Joined: Feb. 2008
Hey Wes: For the record, I'm not ticked off with you. If you'll notice, I also put myself (and all other Kevin Millers on imdb) into the mofo category. It's a tongue in cheek thing. I may not agree with a lot of what people like Christopher Hitchens, Richard Dawkins or PZ Myers have to say, but I still admire their chutzpah, and I’d gladly have a beer with them (and you) any time. So wear it as a badge of honor. I'm just trying to have a little fun here.
As for your responses to my statements, despite appearances to the contrary, I'm not coming into this discussion with the assumption, "Everything Wes Elsberry says is wrong." I am listening, and pondering. And I am open to revising my views in light of new and better information. So you'll have to excuse me if I don't dive into a line-by-line response to your posts right away. It’s not an admission of defeat. I just need time to process the various arguments. (Plus, it's been a busy weekend, we have a new baby in the house, and I'm just plain tired.) But even if it turns out that everything you’ve said is right and everything I’ve said is wrong, I’m okay with that, because for me, this has never been about winning or losing. It's about learning. The only thing that really matters to me is getting at the truth, because the truth benefits everyone no matter what side of the debate they’re on. Contrary to how some critics have depicted the film, Expelled is not about promoting a singular point of view, namely, Intelligent Design. It’s about ensuring that all points of view receive a fair and adequate hearing. We made this film because we had good reason to believe that this was not the case with ID, and I stand by that assertion. In addition, my hope is that the film will prompt people on all sides of the issue to engage with one another. Because what I've observed over the past two years is complete polarization. The various camps sit in their respective corners cackling about how stupid the other guys are, but they rarely talk to each other—except to hurl insults. Very few people engaged in this debate seem open to an honest pursuit of the truth. Most are more interested in scoring debating points, looking clever, and promoting their own agenda.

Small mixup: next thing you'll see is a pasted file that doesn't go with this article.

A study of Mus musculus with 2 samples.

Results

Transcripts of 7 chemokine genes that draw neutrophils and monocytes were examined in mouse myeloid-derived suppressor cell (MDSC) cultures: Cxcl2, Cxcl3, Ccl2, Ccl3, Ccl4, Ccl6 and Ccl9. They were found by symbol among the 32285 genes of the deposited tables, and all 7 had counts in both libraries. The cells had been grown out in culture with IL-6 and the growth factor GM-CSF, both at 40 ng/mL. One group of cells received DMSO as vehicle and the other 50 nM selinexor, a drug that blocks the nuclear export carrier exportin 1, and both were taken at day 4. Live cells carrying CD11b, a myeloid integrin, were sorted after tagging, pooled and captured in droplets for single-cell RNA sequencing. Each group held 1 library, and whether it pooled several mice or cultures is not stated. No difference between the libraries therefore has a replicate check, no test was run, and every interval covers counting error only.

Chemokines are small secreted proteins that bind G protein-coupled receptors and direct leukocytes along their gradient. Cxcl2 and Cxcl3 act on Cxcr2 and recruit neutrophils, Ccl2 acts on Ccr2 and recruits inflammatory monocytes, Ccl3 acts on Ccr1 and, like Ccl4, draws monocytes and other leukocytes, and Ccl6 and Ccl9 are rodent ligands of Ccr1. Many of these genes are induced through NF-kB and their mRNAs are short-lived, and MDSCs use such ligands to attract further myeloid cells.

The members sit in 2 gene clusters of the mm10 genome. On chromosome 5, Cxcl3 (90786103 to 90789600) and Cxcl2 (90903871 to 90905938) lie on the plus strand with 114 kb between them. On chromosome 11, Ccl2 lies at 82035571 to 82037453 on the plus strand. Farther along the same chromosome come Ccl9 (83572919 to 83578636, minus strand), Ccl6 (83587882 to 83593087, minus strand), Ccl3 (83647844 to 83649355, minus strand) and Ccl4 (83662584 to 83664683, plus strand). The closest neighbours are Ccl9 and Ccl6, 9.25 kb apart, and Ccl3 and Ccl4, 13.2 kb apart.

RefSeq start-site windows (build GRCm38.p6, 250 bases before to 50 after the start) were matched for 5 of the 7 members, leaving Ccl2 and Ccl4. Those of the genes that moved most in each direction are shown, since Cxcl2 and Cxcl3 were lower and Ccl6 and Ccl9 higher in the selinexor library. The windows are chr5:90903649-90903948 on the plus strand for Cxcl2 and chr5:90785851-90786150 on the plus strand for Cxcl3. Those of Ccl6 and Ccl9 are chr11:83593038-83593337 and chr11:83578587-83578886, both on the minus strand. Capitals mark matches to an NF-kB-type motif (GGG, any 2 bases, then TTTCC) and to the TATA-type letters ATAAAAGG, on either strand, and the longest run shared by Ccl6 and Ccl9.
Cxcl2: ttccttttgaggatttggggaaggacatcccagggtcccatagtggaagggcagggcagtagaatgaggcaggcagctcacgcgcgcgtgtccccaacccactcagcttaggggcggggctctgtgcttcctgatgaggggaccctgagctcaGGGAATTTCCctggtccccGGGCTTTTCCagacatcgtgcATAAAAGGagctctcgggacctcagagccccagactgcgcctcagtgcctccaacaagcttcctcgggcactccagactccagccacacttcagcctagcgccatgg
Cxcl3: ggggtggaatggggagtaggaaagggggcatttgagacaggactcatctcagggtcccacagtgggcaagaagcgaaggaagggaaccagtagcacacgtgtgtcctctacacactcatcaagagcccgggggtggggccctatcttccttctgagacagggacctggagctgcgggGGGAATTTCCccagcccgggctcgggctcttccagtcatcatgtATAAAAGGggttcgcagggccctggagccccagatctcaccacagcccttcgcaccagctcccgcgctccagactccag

So what I’m trying to do both here and on my blog is engage. In the process, I may say some things that come off as stupid, ignorant or inflammatory. I may hurl a few insults from time to time, and I may needle a few people who need to be needled. After all, I’m only human. But the learning process is often messy and confused. So you’ll have to excuse me if I cack up the joint from time to time.
In light of the above, I do want to ask Wes (and anyone else who cares to respond) a couple of questions:
1) How does science distinguish between a paradigm problem and a research problem? In other words, when a researcher encounters an anomaly, how does he/she determine whether the anomaly is a result of a problem with the data rather than a problem with the theory under which the data is being examined?
2) I understand that you're a Christian, Wes. And yet I get the sense that you believe divine influence is not something that should be factored into your study of the natural world. Fair enough. So my question is, if God doesn't influence the world through natural processes, such as evolution, how does he engage with nature? For example, I assume that you pray. How does God answer your prayers? Does he do so in any scientifically detectable way? Or do you take the Ken Miller approach and say he influences things on the quantum level in a way that we are unable to observe?